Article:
Jeremy Sutton-Hibbert

Thoughts & stories from a hard working editorial, corporate, portrait, reportage photographer based in Glasgow, Scotland. T.+44-(0)7831-138817

Photography in Scotland, panel discussion.


Document Scotland would like to congratulate John Dougan and his Ratio 7:1 colleagues on their ‘Dismantle’ photography show, and for organising and hosting such a successful panel discussion event. To find out a little more about Ratio 7:1, why they hosted the discussion evening, etc, we asked John to tell us a bit of their plans. The below comes from John and shows a few images of the evening.

 

John Dougan of Ratio 7:1 introduces the panel event. ©Jeremy Sutton-Hibbert 2015, all rights reserved.

John Dougan of Ratio 7:1 introduces the panel event. ©Jeremy Sutton-Hibbert 2015, all rights reserved.

 

The audience at the panel event. ©Jeremy Sutton-Hibbert 2015, all rights reserved.

The audience at the panel event. ©Jeremy Sutton-Hibbert 2015, all rights reserved.

 

Malcolm Dickson (centre of image) of Street Level Photoworks answers a question at the panel event. ©Jeremy Sutton-Hibbert 2015, all rights reserved.

Malcolm Dickson (centre of image) of Street Level Photoworks answers a question at the panel event. ©Jeremy Sutton-Hibbert 2015, all rights reserved.

 

“Ratio 7:1 is a collective made up of seven year three students on the BA Photography programme at Edinburgh Napier University. John Dougan, Lysann Ehmann, Erin Semple, Susan McFadzean, Adam Kinship, Denitsa Toshirova and Anete Atvare came together to form Ratio 7:1 as part of a course module that required students to form a group and hold an exhibition of their work. The outcome of this was Dismantle, an exhibition held at Gayfield Creative Spaces in Edinburgh between 20th-26th March 2015.

Since the start of the process, we aimed to put on an event that would be well received and memorable to the people who heard of us and passed through the doors, this is how Question Time came about. We wanted to put on a panel discussion set up by students for people who, like ourselves, were interested in gaining insight into what the landscape of Scottish photography is like and what it takes to become a player in the industry.

For us, the event was a huge success and the liveliness of the discussion was very inspiring. Hearing well respected individuals share fiery exchanges clearly showed an existing passion for photography. I know for sure that we, as well as many of our friends in the audience found the experience very motivating. What was particularly beneficial was getting the opportunity to hear people we perceive as successful speak openly about the relationship between their personal and professional lives. This was a great opportunity to build realistic expectations on what life will be like post university.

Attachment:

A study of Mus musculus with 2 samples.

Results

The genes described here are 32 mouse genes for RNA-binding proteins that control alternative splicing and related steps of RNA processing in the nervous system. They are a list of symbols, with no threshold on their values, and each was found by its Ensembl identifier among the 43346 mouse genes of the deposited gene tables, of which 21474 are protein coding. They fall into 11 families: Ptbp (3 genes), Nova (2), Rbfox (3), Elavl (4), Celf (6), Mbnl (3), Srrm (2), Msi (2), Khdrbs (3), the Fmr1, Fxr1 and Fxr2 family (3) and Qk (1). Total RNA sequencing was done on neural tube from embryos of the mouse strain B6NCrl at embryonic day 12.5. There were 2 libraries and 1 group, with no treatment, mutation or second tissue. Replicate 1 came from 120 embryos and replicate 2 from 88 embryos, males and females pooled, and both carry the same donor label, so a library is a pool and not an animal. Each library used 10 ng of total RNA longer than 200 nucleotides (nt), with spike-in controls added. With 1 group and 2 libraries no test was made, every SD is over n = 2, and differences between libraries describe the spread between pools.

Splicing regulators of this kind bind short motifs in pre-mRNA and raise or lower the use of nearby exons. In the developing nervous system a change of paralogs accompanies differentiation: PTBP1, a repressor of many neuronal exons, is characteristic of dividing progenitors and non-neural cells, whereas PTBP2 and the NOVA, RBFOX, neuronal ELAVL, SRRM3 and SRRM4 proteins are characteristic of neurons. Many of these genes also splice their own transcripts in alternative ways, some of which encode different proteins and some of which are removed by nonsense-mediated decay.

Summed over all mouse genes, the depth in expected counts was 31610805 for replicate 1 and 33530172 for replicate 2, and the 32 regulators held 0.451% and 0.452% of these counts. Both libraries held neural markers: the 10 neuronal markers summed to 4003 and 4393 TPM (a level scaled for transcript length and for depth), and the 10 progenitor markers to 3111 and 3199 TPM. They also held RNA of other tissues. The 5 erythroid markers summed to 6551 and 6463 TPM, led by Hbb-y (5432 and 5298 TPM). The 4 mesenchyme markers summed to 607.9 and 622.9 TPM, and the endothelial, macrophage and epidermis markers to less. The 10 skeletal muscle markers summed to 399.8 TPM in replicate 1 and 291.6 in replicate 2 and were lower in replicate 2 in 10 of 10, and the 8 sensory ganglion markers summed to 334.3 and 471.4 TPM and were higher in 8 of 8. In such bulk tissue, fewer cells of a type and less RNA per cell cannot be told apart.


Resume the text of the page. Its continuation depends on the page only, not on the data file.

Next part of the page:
Photographer artist Ron O'Donnell (in blue) talks at the panel event. ©Jeremy Sutton-Hibbert 2015, all rights reserved.

Photographer artist Ron O’Donnell (in blue) talks at the panel event. ©Jeremy Sutton-Hibbert 2015, all rights reserved.

 

The audience at the panel event. ©Jeremy Sutton-Hibbert 2015, all rights reserved.

The audience at the panel event. ©Jeremy Sutton-Hibbert 2015, all rights reserved.

 

The panel! Left to right: Artist Ron O'Donnell, Street Level's Malcolm Dickson, Dr. Roberta McGrath of Napier Univ., John Dougan of Ratio 7:1, and Photographers David Eustace and Jeremy Sutton-Hibbert. ©Jeremy Sutton-Hibbert 2015, all rights reserved.

The panel! Left to right: Artist Ron O’Donnell, Street Level’s Malcolm Dickson, Dr. Roberta McGrath of Napier Univ., John Dougan of Ratio 7:1, and Photographers David Eustace and Jeremy Sutton-Hibbert. ©Jeremy Sutton-Hibbert 2015, all rights reserved.

 

After such a positive experience with Tuesday night’s discussion, I personally would love to explore the idea of hosting more panel discussions, perhaps hosting a weekend of talks in the future. I know that TalkSee Photography, who are based in Glasgow recently held a panel discussion with Malcolm Dickson of StreetLevel, Ben Harman of Stills and Amanda Catto of Creative Scotland on at the CCA in Glasgow which was well attended and offered good discussion points also. I wouldn’t be opposed to collaborating with the organisers at TalkSee to see what we can do to make sure debates continue to happen in both Glasgow and Edinburgh.

In regards to Ratio 7:1, after two long semesters we are taking a break to concentrate on other areas of our studies. This however does not mean that we won’t come back together in the future, it is just hard to say for sure at the moment. All seven of us will continue to make work and will hopefully have more opportunities to exhibit said works in the near future. You can keep up to date with all of our activity via our facebook page and out Twitter page.

I would also like to take this opportunity to thank Document Scotland and all of the participants for being a part of the discussion and supporting our exhibition and programme of events.” – John Dougan, Ratio 7:1 photography collective.